Representatives from an assisted living company came to Tuesday's Scotch Plains council meeting to do a a second presentation of a plan to build on the Parker Gardens property on Terrill Road.
The project was originally discussed at council's May 7 meeting for half of the property (seven acres) but has since been expanded to include all 14 acres of the property in a three-story 240-unit development.
David Holland, owner of Shelter Development, explained that he was before the council to request a zoning change to allow for such a project in a single-family residential zone. Holland said the group had already held two meetings with the Board of Education (since the property is adjacent to Terrill Middle School) and several neighbors to discuss the project.
Council members, however, were stalled on introducing an ordinance to make that change, wondering whether it was better for the group to instead go before the zoning board to ask for a variance and also if they should seek further public input.
"I really, really would like to hear more from public," said Councilman Mickey Marcus. "Without that we are at a disadvantage."
Deputy Mayor Colleen Gialanella suggested making the display boards the group brought available on Scotch Plains Day on Sunday. Marcus added that he wished the session would have been broadcast on Scotch Plains TV and that perhaps an information session could be called.
Richard Skolnick, attorney for Shelter Development, said that the precedent in these cases is actually to "govern by ordinance," meaning to get a master plan change from the council is preferable than to go before the zoning board. He also offered that the group would be happy to come back for the televised meeting on Oct. 15.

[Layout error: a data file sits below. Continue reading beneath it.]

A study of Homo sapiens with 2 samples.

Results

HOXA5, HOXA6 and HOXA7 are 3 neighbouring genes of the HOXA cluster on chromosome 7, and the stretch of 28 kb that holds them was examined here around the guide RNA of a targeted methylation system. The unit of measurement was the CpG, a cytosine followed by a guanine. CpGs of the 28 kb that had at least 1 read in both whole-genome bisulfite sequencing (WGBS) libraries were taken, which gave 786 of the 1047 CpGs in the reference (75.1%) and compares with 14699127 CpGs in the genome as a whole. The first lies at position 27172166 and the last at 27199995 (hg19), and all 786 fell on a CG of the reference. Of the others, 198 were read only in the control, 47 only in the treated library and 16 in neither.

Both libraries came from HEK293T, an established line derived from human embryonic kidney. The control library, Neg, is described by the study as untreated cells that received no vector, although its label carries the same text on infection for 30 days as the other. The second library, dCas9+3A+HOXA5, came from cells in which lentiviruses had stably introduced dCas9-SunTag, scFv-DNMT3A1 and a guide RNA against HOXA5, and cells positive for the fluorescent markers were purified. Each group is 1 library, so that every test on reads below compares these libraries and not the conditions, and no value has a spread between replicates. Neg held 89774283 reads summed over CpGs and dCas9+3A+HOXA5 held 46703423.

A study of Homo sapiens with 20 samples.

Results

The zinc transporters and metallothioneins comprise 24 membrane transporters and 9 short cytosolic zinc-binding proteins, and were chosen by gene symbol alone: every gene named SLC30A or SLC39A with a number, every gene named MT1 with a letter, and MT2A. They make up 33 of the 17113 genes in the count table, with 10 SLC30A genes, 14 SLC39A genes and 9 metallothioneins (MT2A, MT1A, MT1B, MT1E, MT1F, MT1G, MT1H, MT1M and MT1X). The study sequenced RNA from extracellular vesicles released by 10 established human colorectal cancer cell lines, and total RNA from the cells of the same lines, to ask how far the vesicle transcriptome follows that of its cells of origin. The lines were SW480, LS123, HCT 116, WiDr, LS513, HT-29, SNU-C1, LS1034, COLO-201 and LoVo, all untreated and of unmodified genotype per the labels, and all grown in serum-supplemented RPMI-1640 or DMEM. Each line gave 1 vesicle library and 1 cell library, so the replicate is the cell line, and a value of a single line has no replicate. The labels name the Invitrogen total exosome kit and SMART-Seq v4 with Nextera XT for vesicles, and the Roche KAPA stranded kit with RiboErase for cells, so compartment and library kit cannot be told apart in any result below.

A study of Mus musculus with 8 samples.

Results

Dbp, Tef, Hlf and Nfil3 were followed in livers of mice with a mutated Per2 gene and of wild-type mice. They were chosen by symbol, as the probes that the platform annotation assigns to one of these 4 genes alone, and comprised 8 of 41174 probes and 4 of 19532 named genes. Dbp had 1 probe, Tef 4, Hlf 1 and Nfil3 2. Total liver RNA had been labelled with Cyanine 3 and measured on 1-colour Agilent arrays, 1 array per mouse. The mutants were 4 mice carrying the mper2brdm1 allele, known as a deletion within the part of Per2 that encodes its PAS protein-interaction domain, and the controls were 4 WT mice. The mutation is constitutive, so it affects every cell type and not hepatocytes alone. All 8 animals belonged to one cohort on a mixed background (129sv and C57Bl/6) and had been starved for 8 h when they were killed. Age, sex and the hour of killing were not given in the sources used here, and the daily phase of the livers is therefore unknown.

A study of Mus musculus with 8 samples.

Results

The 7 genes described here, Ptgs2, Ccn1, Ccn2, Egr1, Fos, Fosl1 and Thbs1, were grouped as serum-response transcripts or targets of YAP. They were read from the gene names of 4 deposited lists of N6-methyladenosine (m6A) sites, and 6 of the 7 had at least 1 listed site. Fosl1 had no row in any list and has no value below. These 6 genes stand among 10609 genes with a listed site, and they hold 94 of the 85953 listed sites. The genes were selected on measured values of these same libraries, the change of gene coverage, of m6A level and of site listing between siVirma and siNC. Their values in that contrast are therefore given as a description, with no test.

Gialanella argued that actually introducing the ordinance instead of waiting would be more advantageous, as the upcoming vote would then be advertised multiple places, including the library, where many seniors visit.
Still, council voted down introducing the zone change ordinance at their next meeting by a 2-2 vote. (Mayor Kevin Glover and Marcus voted no, Gialanella and Beckerman voted yes, Councilman Bo Vastine was absent.) Instead, the group with return for a presentation on Oct. 15 and council will then vote on whether to introduce the ordinance at their November meeting. After the ordinance is introduced, the planning board will also weigh in on the proposal, before it goes back to the council for final approval.
Holland previously explained that three services on the proposed development: independent living, assisted living, and a secure environment for seniors with cognitive impairments.
Holland explained that Shelter Developments (which operates as "Bright View Gardens") owns 25 properties between DC and Boston and has been in business for more than 30 years.
At the May meeting, Holland said the price for the units would likely start at $3,500 per month. Now that the property will include 240 units (developed in two phases), he estimated that the development would provide the town with $750,000 annually in tax revenue, whereas Parker Gardens currently only provides about $44,000 annually.
Holland said if the project is approved, they would hope to complete the first phase of 180 units by the end of 2016.
Gialanella expressed concerns about what strain the project might put on the Scotch Plains Volunteer Rescue Squad, which she said is already overburdened.
Holland said that the group is happy to work with the town to make sure that isn't an issue, possibly contracting a private firm to handle nonemergency 911 calls.